ANAHEIM -- With Sunday afternoon’s 5-3 Angels rubber match victory over the Dodgers, the bragging rights for the series go to those donning the red. The Angels won the season series four games to two, and the Dodgers now sit just two games ahead of the San Francisco Giants, whose house they’ll be visiting tomorrow.
Help for Harang: Six innings and three earned runs is an acceptable outing for a back-of-the-rotation hurler, so it’s easy to conclude starter Aaron Harang spent the afternoon in relative control. However, the righty also struck out precisely as many Angels (0) as I did. Harang was hardly overpowering, and his success was aided in large part to the seven guys behind him on the field.
In the first inning, after an error from Adam Kennedy and a walk put him in a tough spot with no outs and the meat of the Halos’ order coming, Harang coaxed three straight outs to Tony Gwynn Jr., the third requiring the center fielder to scoot to the right-center field wall for the catch. A double play was turned to close a scoreless fourth inning. Dee Gordon sprinted from shortstop to foul territory near the Angels dugout to snag a pop foul. One inning later, Juan Rivera threw out Albert Pujols at third, which not only prevented a runner in scoring position, but prompted an early shower for Mike Scioscia, who got the boot after arguing the call. And finally, the sixth inning ended on a fine defensive play by James Loney, who stretched way out to snare a long throw from Elian Herrara to get Bobby Wilson out.
Dodger legs: Speed is what we’ve come to expect from Gordon, and he didn’t disappoint. He legged out infield singles in the fifth and seventh innings, the former a grounder into the gap between second and short and the latter a bunt. (Gordon also swiped second in the fifth, although that feat was less about his wheels than the throw slipping out of Wilson’s hand, which left the ball traveling as if it were delivered via a 7-iron.) But you don’t expect such feats of running from Andre Ethier, he of the career 20 stolen bases. But the right fielder set an aggressive tone when he decided to go for two on a first-inning hit to shallow left-center. My eyebrows certainly raised as Ethier rounded first, but he nonetheless beat the throw from Mike Trout, which put him in position to eventually score on a Bobby Abreu single.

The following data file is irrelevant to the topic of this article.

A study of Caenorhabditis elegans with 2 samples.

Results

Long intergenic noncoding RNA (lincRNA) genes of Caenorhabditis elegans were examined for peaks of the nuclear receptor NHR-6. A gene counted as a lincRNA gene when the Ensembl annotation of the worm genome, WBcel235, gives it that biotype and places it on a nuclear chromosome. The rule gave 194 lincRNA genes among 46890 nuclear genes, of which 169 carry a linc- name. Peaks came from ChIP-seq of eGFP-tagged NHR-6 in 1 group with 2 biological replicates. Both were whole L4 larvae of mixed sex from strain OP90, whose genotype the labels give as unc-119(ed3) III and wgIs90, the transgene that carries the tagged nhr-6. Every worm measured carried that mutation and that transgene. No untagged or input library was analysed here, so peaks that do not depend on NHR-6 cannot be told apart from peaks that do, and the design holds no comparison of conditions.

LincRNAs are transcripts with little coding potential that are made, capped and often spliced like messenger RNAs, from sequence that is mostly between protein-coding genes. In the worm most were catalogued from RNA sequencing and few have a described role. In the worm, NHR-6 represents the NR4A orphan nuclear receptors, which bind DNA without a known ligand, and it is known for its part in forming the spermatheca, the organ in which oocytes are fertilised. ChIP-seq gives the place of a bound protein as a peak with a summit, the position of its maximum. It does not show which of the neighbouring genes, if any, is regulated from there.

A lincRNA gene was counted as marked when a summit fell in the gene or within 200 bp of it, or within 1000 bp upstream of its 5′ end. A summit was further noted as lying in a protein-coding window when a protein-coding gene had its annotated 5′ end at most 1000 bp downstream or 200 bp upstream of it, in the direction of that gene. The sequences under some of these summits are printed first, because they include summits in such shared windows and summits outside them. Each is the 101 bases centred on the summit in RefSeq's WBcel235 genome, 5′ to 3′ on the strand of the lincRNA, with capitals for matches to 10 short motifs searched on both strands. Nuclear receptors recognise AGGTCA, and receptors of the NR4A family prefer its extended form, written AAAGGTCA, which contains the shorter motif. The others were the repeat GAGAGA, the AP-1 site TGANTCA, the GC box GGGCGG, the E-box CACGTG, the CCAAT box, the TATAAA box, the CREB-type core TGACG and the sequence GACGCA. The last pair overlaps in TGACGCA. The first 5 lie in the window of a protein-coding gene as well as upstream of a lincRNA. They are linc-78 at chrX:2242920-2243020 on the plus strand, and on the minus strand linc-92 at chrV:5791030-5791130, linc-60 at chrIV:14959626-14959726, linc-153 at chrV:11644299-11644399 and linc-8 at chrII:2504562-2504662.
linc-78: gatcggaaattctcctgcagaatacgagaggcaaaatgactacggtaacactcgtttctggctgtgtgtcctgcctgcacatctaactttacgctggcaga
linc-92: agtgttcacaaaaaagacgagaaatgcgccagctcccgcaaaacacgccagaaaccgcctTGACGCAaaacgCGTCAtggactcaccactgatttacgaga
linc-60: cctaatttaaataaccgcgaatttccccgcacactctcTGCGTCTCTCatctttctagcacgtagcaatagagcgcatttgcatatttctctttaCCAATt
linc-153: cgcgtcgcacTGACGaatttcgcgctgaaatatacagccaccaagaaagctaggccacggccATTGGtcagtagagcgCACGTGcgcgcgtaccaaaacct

3) No more “Call Me Maybe”: As is my understanding, an unidentified member of the Dodgers decided as a goof to play “Call Me Maybe” on a loop on the weight room stereo before Saturday’s game. The Dodgers then proceed to win 3-1, and given the superstitious nature of the game, the song greeted everyone this morning in the clubhouse. Had the Dodgers won again, the song might have accompanied the team to the Bay Area for the Giants series. And there’s only so much of it anyone over the age of 14 of take.
Those calls: Adam Kennedy reached in the second inning after first base ump Bill Miller missed the ball on Howie Kendrick’s throw. The replay clearly showed Kennedy out, and this turn of events set the table for Kennedy eventually scoring the Dodgers’ second run. In the bottom of the inning, Peter Bourjos looped a pop fly along the right field line past an outstretched Ethier, and the ball landed on the chalk fair. Except Miller sent Bourjos back to the dish, saying the ball was foul. Two pitches later, Bourjos smacked a 2-2 slider over the left field wall for a two-run homer and the game was tied at 2 runs apiece.
Josh Lindblom: The reliever entered the game after the seventh-inning stretch, and his showing was as painful as “Take Me Out To The Ballgame” sung at its worst. After inducing two early outs from Trout and Alberto Callaspo, Lindblom walked Pujols, then proceeded to fall apart. He hit Morales, then Trumbo knocked a fastball down the pipe into left-center, scoring Pujols. Kendrick followed suit with another hit into the same spot, which brought in Trumbo. Enter Todd Coffey.
James Loney: It’s one thing to endure an 0-fer game. It doesn’t matter if you’re Babe Ruth or Juan Uribe. Some days, you simply can’t put the ball where they ain’t. However, Loney’s outs had a painful tendency not just to close innings, but those with a little bit of precious mo in the Dodgers' favor. A two-out first inning burst, which featured one run and Abreu and Rivera on the bases, was concluded when Loney flew out to center. In the third inning, with two on and one out, Loney ended the inning on a double play ball to third. Of the seven runners stranded by the Blue, Loney was responsible for a quartet.